Commentary: COG-UK report 9 - 25th June 2020
Commentary for report 9 – 25th June 2020
The COVID-19 Genomics UK (COG-UK) Consortium has now sequenced more than 32,000 SARS-CoV-2 virus genomes from the UK. In the 9th report from the Consortium, dated 25th June, 29,593 of these were analysed.
The number of genomes is sufficiently large to be able to analyse the impact of a mutation in the SARS-CoV-2 Spike protein on viral transmission, which has been a focus of much interest over the past few months.
Overall, the researchers found slightly different epidemic growth rates for two variants of the virus. It is not currently possible to confidently determine the size of this effect, but an effect does appear to be present.
Importantly, there is no evidence of a link between the variants and severity of COVID-19 disease.
The Spike protein
The SARS-CoV-2 virus, like all coronaviruses, has characteristic proteins that stick out of the core of the virus and form the ‘crowns’ that give coronaviruses their name. This characteristic protein, the Spike protein, allows the virus to attach to, and then enter, human cells.
Researchers around the world have been monitoring a change in the Spike protein, which was first seen in February. This change in the virus genome results in one amino acid change in position 614 in the Spike protein, from aspartate (D) to glycine (G).
The frequency of SARS-CoV-2 genomes carrying this change, named the D614G variant, or 614G, or just ‘G’, has increased rapidly in both the UK and global datasets since it was first seen.
Research is underway to try to understand if a virus with the D614G variant is more transmissible. Laboratory studies are still in the early stages, but some suggest that this variant could be better at entering human cells. However, laboratory studies are currently limited in what they can reveal about transmission between patients and across a population.
Analysis of worldwide genome data can also allow assessments of transmissibility. Some analysis is consistent with the possibility of increased transmissibility of virus with the D614G variant. However, again, there are limitations. Studies of genomic data are inhibited by the inherent bias of global databases. Geographical biases or sampling biases mean the data may not be representative of the whole virus population, and so findings could be false signals. For example, there are very few genome sequences available from low- and middle- income countries. For countries where more data is available, there could be unseen biases that affect how the data has been collected. Sample bias and the context it provides for the virus population could affect any findings.
The ability to determine if a genomic variant impacts upon transmissibility can also be influenced by ‘founder effects’. This is where multiple introductions of a particular variant into a population can create a signal in the data that looks like increased transmission potential, where in fact there is no difference in transmissibility.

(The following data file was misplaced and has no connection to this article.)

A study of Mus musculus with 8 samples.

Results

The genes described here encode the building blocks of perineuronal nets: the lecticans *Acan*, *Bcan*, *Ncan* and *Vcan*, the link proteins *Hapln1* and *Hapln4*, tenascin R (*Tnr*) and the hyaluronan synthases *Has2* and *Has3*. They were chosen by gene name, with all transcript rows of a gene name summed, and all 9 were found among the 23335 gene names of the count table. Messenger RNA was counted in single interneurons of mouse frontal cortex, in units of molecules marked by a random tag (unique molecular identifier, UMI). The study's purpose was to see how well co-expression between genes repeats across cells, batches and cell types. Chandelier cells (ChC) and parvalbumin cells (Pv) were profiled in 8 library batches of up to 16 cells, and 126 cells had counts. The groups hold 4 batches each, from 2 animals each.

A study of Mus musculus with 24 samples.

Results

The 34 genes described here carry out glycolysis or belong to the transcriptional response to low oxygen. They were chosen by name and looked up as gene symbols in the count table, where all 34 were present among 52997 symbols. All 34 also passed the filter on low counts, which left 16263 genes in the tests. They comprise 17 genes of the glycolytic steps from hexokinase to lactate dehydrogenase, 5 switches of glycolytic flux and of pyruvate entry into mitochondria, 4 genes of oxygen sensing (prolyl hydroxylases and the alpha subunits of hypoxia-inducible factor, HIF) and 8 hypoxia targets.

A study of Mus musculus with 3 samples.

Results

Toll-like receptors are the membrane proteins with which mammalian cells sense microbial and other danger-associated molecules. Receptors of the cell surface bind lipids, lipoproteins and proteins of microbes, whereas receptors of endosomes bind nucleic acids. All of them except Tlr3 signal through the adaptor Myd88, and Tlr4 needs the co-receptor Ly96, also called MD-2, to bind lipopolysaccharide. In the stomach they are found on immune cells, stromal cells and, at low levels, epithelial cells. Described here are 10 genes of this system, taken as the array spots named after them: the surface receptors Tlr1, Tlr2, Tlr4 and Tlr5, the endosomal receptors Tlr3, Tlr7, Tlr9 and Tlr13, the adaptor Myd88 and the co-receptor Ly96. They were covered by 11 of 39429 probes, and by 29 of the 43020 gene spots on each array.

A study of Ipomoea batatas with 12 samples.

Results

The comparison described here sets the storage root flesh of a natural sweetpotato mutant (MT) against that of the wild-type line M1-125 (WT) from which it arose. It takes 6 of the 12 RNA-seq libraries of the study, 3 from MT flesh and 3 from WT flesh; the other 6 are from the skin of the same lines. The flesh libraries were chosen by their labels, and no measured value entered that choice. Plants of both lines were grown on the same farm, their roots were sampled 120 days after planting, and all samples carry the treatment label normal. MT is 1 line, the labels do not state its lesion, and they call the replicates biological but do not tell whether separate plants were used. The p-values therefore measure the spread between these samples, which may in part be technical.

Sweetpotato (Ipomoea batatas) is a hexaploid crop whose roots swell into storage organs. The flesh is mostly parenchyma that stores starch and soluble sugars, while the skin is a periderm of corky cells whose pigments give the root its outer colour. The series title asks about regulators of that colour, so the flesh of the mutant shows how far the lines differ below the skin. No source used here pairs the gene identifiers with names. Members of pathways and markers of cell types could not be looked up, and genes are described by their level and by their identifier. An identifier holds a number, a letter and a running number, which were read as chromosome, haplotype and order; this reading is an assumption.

Large scale analysis
The COG-UK dataset, with over 30,000 genome sequences, is now beginning to reach sufficient scale to attempt analyses to resolve some of these issues. In the 9th COG-UK report, Dr Erik Volz, Dr Thomas Connor and Dr Andrew Rambaut present analysis of the growth rates of D and G variants of the virus.
The researchers used several methods to estimate growth rates. The findings show that groups of related virus (lineages) with the 614G variant have grown at a slightly faster rate than lineages with the 614D variant in the UK.
These findings rely on underlying assumptions that, in time, may need to be adjusted as more data becomes available, and so the researchers urge caution when interpreting their findings.
The fact that such a huge data set is needed to be able to see these effects suggests the link between the different lineages and transmission is a weak one. As the transmission of SARS-CoV-2 is affected by factors outside of simply how it gets into cells, not least by the behaviours and movements of people, this is perhaps unsurprising.
Continued monitoring and analysis of D614G are essential to determine if there is any relevance of this mutation to the progression of the pandemic in the UK and elsewhere.
To assess any potential links between the D and G variants and disease severity, the team analysed viral genome sequences and clinical characteristics from 1,870 patients. There was no statistically significant association between the D and G virus variants and patient outcomes.
While there are sources of potential biases in this dataset, the team are confident these have been accounted for as far as possible, and that this finding is robust.
As well as looking at genome sequences nationally, Dr Tom Connor, working with colleagues in Public Health Wales, has been analysing the data at a local level. The team has not assessed the spike protein variants specifically, but has used genomic data together with patient data, to assess local clusters of cases in North Wales. The work builds from an existing system developed to support the genomic surveillance of C. difficile bacteria.
The genomic data was able to support the identification of complex outbreaks across multiple wards in a hospital. Analysing the sequence data from hospital cases together with sequences from the community, it was possible to clearly identify different clusters.
The team has shown that systems which integrate genomic information with patient timelines and other information can provide powerful tools for infection prevention and control in hospitals. This can inform outbreak response in real time, and can help to understand the progression of past outbreaks, in order to improve future practice.
These same systems can also act as powerful public health tools for understanding outbreaks in communities and on a larger scale.